On February 8, 2019 I was lucky to be among about 30 colleagues in the work to end homelessness in Greater Victoria who spend the day with Brian Dean Williams learning about the brain, mindfulness, our selves, and how to best support each other. This was the second of a 2-day training Brian delivered in the community as part of the local CAEH Training series sponsored by the Government of Canada and coordinated by the CRD and the Coalition, with the assistance of a community steering committee.
As someone who has experience work-related burnout before, and who used mindfulness in my long recovery, I was excited to learn more. I’ve also, over the past few years, become wary of the terms “burnout” and “self-care,” as it seems they have become commodified, Instagram-able, and somewhat empty words. When Brian talked about moving our focus from “self-care” to “we care,” I knew I had found someone who was speaking to the kind of work that keeps us filled up and moving forward.
Most people who work in the social services sector do so because we genuinely care about other people. The less we feel able to make a real difference for the people we serve, and the less power we feel in our day-to-day jobs, the less satisfaction we feel in the work, and the more we edge towards emotional exhaustion.
When you throw in a big dose of trauma (which CAEH Training 5 Day 1 Trauma Informed Care talking about) – whether vicariously through client’s shared stories, or personally experienced in the course of life and work – it’s a wonder many of us last as long as we do in this sector. What Brian’s reframing of self-care allows is another avenue to satisfaction: taking care of each other as a way to take care of ourselves.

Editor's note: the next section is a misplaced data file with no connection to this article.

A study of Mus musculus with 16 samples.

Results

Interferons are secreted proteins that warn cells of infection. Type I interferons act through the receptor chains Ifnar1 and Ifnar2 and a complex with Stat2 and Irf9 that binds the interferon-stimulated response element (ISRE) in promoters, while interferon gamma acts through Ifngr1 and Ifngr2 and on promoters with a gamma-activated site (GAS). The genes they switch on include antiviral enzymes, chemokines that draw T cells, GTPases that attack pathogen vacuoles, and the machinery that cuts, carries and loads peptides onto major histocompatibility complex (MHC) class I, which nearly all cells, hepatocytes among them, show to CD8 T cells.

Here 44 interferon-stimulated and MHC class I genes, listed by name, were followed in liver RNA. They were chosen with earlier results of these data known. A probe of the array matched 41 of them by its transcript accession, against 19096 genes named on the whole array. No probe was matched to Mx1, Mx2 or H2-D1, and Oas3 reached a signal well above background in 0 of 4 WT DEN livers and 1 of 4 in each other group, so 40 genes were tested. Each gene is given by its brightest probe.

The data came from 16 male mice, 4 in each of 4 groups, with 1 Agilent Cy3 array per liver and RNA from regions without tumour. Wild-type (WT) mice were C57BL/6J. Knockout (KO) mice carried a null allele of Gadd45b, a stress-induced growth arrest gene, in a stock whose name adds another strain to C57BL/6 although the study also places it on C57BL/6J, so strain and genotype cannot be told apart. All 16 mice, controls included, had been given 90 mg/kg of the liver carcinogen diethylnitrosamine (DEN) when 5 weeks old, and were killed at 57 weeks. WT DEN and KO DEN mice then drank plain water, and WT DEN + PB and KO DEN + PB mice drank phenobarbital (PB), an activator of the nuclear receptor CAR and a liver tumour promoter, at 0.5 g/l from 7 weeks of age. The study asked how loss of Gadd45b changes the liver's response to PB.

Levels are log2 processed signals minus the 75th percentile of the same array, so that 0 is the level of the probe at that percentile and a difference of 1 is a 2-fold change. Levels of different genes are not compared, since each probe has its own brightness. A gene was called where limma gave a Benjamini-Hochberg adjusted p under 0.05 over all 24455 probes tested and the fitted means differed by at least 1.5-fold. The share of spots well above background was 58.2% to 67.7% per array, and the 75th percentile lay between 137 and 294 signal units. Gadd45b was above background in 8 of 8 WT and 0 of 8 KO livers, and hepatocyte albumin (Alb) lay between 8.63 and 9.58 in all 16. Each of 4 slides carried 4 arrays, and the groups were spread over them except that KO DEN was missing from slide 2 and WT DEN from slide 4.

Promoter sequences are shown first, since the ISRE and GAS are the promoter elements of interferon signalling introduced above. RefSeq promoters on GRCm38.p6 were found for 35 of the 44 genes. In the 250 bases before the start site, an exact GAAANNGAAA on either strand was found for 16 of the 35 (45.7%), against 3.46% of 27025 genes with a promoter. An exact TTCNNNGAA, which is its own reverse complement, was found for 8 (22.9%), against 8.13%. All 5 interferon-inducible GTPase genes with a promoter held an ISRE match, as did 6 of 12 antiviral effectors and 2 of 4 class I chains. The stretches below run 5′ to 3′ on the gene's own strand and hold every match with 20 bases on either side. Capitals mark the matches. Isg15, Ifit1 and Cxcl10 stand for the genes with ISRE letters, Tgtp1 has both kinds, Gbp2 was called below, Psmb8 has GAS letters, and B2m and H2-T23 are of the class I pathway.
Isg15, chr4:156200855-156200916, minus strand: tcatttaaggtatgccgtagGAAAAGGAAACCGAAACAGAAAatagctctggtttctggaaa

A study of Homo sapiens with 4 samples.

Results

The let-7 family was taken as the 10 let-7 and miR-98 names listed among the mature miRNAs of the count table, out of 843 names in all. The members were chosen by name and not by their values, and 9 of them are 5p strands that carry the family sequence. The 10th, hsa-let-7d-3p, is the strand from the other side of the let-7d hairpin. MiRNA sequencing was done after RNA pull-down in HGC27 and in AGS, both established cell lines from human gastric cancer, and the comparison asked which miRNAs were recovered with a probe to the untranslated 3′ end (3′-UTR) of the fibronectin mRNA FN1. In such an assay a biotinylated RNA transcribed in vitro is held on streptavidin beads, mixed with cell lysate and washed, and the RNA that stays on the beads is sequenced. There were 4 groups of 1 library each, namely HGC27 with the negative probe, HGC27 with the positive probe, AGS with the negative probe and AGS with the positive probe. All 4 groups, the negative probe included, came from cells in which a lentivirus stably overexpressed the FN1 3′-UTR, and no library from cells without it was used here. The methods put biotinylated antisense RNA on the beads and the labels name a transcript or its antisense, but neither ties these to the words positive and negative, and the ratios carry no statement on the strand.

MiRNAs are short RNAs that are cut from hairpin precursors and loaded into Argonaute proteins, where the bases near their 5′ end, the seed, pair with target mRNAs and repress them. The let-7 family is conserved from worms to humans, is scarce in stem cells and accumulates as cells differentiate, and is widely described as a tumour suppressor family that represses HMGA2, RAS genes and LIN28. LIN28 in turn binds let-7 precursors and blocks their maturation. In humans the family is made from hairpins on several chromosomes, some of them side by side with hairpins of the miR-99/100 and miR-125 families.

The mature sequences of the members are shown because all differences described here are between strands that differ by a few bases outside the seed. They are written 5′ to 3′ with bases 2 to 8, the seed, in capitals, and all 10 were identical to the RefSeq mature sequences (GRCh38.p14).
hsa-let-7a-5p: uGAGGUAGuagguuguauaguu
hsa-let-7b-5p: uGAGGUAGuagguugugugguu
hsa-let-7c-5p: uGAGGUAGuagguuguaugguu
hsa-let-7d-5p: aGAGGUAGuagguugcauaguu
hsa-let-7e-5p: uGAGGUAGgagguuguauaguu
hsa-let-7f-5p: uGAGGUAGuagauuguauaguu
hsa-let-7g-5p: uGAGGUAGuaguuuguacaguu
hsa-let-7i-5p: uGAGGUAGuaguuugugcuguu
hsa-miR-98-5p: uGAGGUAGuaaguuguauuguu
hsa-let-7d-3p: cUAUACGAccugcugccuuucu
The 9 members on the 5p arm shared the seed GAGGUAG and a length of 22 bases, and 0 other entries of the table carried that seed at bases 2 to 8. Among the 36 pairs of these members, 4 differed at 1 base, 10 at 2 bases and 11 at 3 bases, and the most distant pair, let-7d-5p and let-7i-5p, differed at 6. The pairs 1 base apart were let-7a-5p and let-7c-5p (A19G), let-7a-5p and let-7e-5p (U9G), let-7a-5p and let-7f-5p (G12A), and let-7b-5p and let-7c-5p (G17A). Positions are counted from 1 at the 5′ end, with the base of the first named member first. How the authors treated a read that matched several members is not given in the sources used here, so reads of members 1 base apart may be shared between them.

As you click through Brian’s Presentation and watch the video playlist (below), you’ll see there was much much more to the day than I’ve shared here. We shared in both sitting and walking mindfulness meditation. We talked about ways to bring mindfulness into our daily lives to keep from “flipping our lids.” And we got to know each other in the room as compassionate beings who can hear and share each other’s needs in a way that makes a difference.
And that, it seems, may be the ultimate self-care – listening to another in a way that makes a difference for them, and in so doing fulfilling our own need to contribute and co-creating a supportive, human, and humane work environment.